Financial Jitters Lead to Slow Start for the 700 MHz Spectrum Auction

Carl Weinschenk

After much anticipation, the bidding for wireless spectrum in the 700 Megahertz spectrum started last week. According to this Dow Jones story posted at CNN Money, the initial action has been less than overwhelming.

 

The D block of spectrum -- a nationwide 10 megahertz chunk -- received a single bid, the minimum of $473 million set by the Federal Communications Commission. That anonymous bidder won't necessarily walk away with the spectrum, however. The FCC mandates that the final price be $1.3 billion. If that figure isn't reached, the spectrum would be re-auctioned later.

 

Timing is everything, and the economic meltdown during the middle of January is a huge depressing factor. However, the challenges facing the spectrum predate the market meltdown. Frontline Wireless, a company formed to bid on spectrum, went out of business in early January. Speculation is that the company couldn't raise the money necessary to enter the auction.

 

That's significant, especially considering the who's who of Frontline backers and executives. Among those involved were Vanguard Cellular founding CEO and President Haynes Griffin, former National Telecommunications and Information Administration head Janice Obuchowski and former FCC Chairman Reed Hundt. A commentary excoriating the FCC's handling of the auction, written by an adviser to Frontline, was posted last week at News.com.

 

It all isn't gloom and doom, however. The Dow Jones story says $3.7 billion has been raised in four rounds of bidding for the 1,009 different auctions. The 22-megahertz C block has raised $1.8 billion, a good start on the minimum final price of $4.6 billion.


 

The industry has been discussing the auction -- officially called Auction 73 -- for quite some time. Engadet provides a public service with a refresher course in what the auction is all about and how it will work. The overall idea is to dole out a treasure trove of prime spectrum made available by the move of television broadcasters from analog to digital transmission. Among the few tidbits that are known -- the FCC is keeping a tight lid on information -- is that 214 companies are participating and AT&T, Verizon, Cox and Google are among them. The piece reviews how the five blocks of spectrum are carved up, the "reserve price" -- essentially, the entry fee -- required to participate and discusses the open-access rules that generated so much discussion and controversy this autumn.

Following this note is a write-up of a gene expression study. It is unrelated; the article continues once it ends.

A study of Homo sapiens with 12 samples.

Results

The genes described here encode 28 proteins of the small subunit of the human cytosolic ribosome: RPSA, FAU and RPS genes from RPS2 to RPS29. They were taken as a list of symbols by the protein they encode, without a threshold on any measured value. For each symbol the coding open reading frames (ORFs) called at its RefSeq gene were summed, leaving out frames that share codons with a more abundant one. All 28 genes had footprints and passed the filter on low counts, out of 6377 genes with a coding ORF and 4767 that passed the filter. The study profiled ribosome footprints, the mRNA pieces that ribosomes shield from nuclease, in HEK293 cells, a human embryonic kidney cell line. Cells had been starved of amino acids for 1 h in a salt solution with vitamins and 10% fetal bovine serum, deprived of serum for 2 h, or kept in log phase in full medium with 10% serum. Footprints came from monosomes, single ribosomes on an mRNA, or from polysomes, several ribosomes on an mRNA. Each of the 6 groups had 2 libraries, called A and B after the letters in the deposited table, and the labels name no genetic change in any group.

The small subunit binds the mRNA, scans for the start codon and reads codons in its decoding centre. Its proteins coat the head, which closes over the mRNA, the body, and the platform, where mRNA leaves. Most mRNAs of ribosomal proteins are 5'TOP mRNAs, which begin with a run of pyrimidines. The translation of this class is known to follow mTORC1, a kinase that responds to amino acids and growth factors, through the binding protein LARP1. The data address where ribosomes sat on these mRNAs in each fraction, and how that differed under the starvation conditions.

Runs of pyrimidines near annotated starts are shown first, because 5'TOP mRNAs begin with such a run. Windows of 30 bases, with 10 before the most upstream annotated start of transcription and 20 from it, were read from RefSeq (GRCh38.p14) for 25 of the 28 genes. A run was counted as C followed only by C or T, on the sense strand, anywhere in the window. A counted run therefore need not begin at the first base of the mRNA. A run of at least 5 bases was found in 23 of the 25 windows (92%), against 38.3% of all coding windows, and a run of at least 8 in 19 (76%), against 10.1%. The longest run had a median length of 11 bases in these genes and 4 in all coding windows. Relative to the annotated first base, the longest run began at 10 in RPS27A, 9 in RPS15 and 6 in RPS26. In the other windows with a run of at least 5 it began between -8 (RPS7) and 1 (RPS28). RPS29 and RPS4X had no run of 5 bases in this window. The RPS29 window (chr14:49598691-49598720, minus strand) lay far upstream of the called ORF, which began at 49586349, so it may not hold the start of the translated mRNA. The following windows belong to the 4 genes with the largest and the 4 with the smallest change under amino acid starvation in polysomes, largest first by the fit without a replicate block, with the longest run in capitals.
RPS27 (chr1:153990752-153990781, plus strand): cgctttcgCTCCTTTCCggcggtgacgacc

The bottom line is that the auction remains a watershed, but the final tally will fall short of earlier expectations. While the Frontline situation may have been a body blow, the cratering of the economy was the coup de grace.

 

BusinessWeek provides some examples of the nightmare January meant for companies in the auction: Since Jan. 1, the value of AT&T has dipped $29.5 billion, Verizon is $16.5 billion poorer than before and Google is off about 20 percent. According to an analyst with Sifel, Nicolaus, the telecom sector on Jan. 18 might have suffered its biggest single-day loss ever -- and it's had a lot of big-loss days. The story speculates that the auction might raise only $10 billion to $12.5 billion and there might not be a winner in some of the spectrum categories.